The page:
War and Conflict, World War II, pic: May/June 1940, The Battle of Dunkirk, British troops marching along the pier to the rescue vessels, The Battle of Dunkirk, (which took place approx, 25th May - 3rd June 1940 was one of trying to extricate the British Expeditionary Force and otherAllied troops from a hopeless situation, when they had been "squeezed" into a small area around Dunkirk with no hope of escape, by the vastly superior German mechanized forces, The call was made for every ship and boat to leave from Britain to save as many soldiers as possible, and despite the British leaving behind most of it's equipment, over 338, 000 Allied troops were brought back to England  (Photo by Popperfoto/Getty Images)

Dunkirk was a disaster for Great Britain, but one from which it drew pride and the strength to carry on the war.

Royal Engineer Robert Halliday was hungry. He had searched for food in the town of Dunkirk, France only to find nothing. As he searched a German bomb exploded nearby, blowing out his eardrums and hurling him 50 yards. Now, hungry and with little else to do, he and fifty other engineers began building a raft out of empty fuel cans and boards from truck beds. They fought they might be able to get it out to a ship; those who couldn’t swim would sit on it while the swimmers pushed it out to sea for rescue. As they worked other soldiers sat around doing nothing. One saw a British helmet lying on the beach and quipped “Blimey, he’s dug himself in well!”

Subaltern Anthony Irwin was on leave from the 2nd Battalion, Essex Regiment when the Battle of France began. He spent days trying to get back to his unit, searching through the chaos with one his sergeants. He managed to find it and soon found himself in battle. Days later, he recalled being bivouacked in an orchard when a British plane was beset overhead by a half-dozen German ME-109s. As each fighter attacked, however, the British piloted expertly maneuvered to avoid it, to the cheers of the infantrymen.

War and Conflict. World War II. pic: May/June 1940. The Battle of Dunkirk. British destroyers with an R.A.F. fighter escort on their way back to England, the ships crammed with Allied troops. The Battle of Dunkirk, (which took place approx. 25th May - 3rd

The Germans then attacked the RAF plane simultaneously, but they had to come low to catch the descending aircraft. When they did, every Bren gun in the company opened up on the ME-109s, bringing one down in flames. The rest promptly forgot the air battle and began strafing Irwin’s troops, only to be chased off moments later by RAF Hurricanes. Within hours they dug in after relieving a gingerbread factory of its contents. Anthony Irwin would reach the beach at Dunkirk and be evacuated aboard an Isle of Man ferry, surreally being served a glass of beer by a steward who wouldn’t give it to him until they were three miles offshore – as per regulations.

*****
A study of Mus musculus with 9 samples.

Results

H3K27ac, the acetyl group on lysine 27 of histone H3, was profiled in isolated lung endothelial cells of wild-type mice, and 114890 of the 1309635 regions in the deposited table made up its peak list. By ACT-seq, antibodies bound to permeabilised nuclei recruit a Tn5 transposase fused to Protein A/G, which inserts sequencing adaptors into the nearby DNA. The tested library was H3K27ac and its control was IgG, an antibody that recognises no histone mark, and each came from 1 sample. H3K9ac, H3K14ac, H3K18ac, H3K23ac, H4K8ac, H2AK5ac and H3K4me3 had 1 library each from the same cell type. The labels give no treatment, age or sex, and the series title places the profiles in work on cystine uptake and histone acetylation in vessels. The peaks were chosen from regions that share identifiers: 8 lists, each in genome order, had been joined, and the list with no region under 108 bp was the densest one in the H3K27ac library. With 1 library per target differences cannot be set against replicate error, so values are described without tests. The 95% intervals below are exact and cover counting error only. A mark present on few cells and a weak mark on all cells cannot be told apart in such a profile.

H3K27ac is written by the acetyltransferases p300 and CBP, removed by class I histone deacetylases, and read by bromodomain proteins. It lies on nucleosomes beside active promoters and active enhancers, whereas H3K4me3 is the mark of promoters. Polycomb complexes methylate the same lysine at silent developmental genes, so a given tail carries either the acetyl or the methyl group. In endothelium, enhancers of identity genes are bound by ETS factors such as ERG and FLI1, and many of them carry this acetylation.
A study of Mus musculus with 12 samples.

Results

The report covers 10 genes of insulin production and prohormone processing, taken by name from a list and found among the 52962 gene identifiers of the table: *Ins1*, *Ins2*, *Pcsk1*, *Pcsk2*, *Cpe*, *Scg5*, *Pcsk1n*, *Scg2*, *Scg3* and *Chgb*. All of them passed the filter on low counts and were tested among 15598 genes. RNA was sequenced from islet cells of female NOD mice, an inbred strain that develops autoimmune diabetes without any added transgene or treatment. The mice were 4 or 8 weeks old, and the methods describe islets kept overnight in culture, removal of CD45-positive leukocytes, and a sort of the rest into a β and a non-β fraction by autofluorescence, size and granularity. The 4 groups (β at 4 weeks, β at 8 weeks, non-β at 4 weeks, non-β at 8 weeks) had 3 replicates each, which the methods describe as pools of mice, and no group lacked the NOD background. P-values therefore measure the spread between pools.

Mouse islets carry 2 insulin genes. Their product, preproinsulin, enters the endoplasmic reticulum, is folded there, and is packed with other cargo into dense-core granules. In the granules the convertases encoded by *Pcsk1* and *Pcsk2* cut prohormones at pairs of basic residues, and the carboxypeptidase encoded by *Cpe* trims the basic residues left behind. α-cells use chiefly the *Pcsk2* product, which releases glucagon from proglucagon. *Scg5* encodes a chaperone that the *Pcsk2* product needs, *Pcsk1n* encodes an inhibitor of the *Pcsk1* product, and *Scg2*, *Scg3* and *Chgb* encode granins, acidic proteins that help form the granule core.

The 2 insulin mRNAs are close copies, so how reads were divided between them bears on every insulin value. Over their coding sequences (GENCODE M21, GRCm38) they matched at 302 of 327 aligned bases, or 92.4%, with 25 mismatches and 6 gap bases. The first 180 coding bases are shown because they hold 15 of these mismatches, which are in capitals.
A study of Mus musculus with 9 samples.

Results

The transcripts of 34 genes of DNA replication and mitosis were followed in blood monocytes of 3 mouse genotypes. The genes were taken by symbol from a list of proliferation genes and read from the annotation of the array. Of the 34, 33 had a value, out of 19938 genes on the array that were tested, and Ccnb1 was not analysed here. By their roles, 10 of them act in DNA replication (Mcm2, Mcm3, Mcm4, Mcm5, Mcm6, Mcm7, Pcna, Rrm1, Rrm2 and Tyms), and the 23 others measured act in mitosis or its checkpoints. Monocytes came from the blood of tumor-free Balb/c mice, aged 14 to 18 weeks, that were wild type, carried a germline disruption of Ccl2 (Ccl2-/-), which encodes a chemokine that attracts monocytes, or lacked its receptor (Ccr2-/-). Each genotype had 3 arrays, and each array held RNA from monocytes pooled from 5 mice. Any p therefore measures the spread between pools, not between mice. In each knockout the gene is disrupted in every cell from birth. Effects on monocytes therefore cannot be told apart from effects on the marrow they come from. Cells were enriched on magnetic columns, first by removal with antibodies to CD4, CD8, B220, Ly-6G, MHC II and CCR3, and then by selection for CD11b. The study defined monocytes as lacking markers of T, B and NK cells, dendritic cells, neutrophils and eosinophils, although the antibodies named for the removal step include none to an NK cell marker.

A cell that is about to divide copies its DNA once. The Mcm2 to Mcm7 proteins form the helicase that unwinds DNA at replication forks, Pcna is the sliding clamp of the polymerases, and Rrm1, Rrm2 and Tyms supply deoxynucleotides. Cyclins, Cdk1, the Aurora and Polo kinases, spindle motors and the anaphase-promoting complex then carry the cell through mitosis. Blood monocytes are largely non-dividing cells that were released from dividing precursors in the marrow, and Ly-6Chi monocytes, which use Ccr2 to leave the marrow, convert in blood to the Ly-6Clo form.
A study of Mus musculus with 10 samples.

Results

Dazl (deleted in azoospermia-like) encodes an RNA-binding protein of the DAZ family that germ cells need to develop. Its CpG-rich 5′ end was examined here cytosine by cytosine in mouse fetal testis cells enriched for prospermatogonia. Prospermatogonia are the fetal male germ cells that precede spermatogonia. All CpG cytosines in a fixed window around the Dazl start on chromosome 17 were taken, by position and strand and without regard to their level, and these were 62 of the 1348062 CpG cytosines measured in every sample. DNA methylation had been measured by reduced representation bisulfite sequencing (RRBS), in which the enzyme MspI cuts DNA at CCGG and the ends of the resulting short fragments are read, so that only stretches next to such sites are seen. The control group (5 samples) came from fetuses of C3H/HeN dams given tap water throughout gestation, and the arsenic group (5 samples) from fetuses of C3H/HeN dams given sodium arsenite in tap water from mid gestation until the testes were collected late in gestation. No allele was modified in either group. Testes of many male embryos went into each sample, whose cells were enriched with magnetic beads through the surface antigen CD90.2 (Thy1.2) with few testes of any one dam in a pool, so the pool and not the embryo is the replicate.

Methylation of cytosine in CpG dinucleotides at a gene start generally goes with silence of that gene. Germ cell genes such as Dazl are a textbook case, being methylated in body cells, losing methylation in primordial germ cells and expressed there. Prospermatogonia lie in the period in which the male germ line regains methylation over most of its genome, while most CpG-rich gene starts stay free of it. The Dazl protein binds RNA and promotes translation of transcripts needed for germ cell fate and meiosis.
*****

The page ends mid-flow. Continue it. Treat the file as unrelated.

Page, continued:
By the time it was done over 330,000 Allied soldiers were evacuated from Dunkirk to England, providing a nucleus from which the future British Army would be created. Hundreds of small boats and civilian craft were used along with naval vessels to bring them home and many were lost. It was time when the entire United Kingdom came together to retrieve its army, saving it from destruction.

The evacuation at Dunkirk in May and June of 1940 is famous and the use of civilian craft to rescue thousands of Allied soldiers is equally well known. The true details of the story are in the myriad personal tales of the operation, where privates, sergeants and junior officers had to get through the ordeal and bring order out of chaos. That is the tale the reader gets in Dunkirk: The History behind the Major Motion Picture (Joshua Levine, William Morrow Publishing, New York NY, 2017, 354 pp., Maps, photographs, bibliography, $16.99, softcover).

34304263 This is a companion book to the recent film Dunkirk, which has received many favorable reviews for its depiction of the event. This book also deserves favorable mention due to its detail, flowing narrative and ground-level storytelling. The movie focuses on lower level leaders and enlisted men and this book does the same. Dunkirk wasn’t a great victory or even a great defeat, though it stemmed from a defeat. It is instead a story of survival, revealing how a disparate group of soldiers, sailors and airmen came together to preserve an army which would go on to help defeat Germany within five years, fighting in North Africa and Italy along the way. Hundreds of thousands of men occupied the beaches of Dunkirk. There are far too many stories to recount in a film; this work gives the reader a deep look at some of those stories.

Since this is a book meant to accompany a film, it also contains a nicely done section where the making of that film is discussed. The film’s director is loath to use the extensive computer-generated images so many movies depend upon now, so sets, aircraft and vehicles all had to be located and procured for use. All of the aircraft are actual flying examples or large scale remote-control models, for example. How such attention to detail is used to make a realistic war film is also worthy of attention.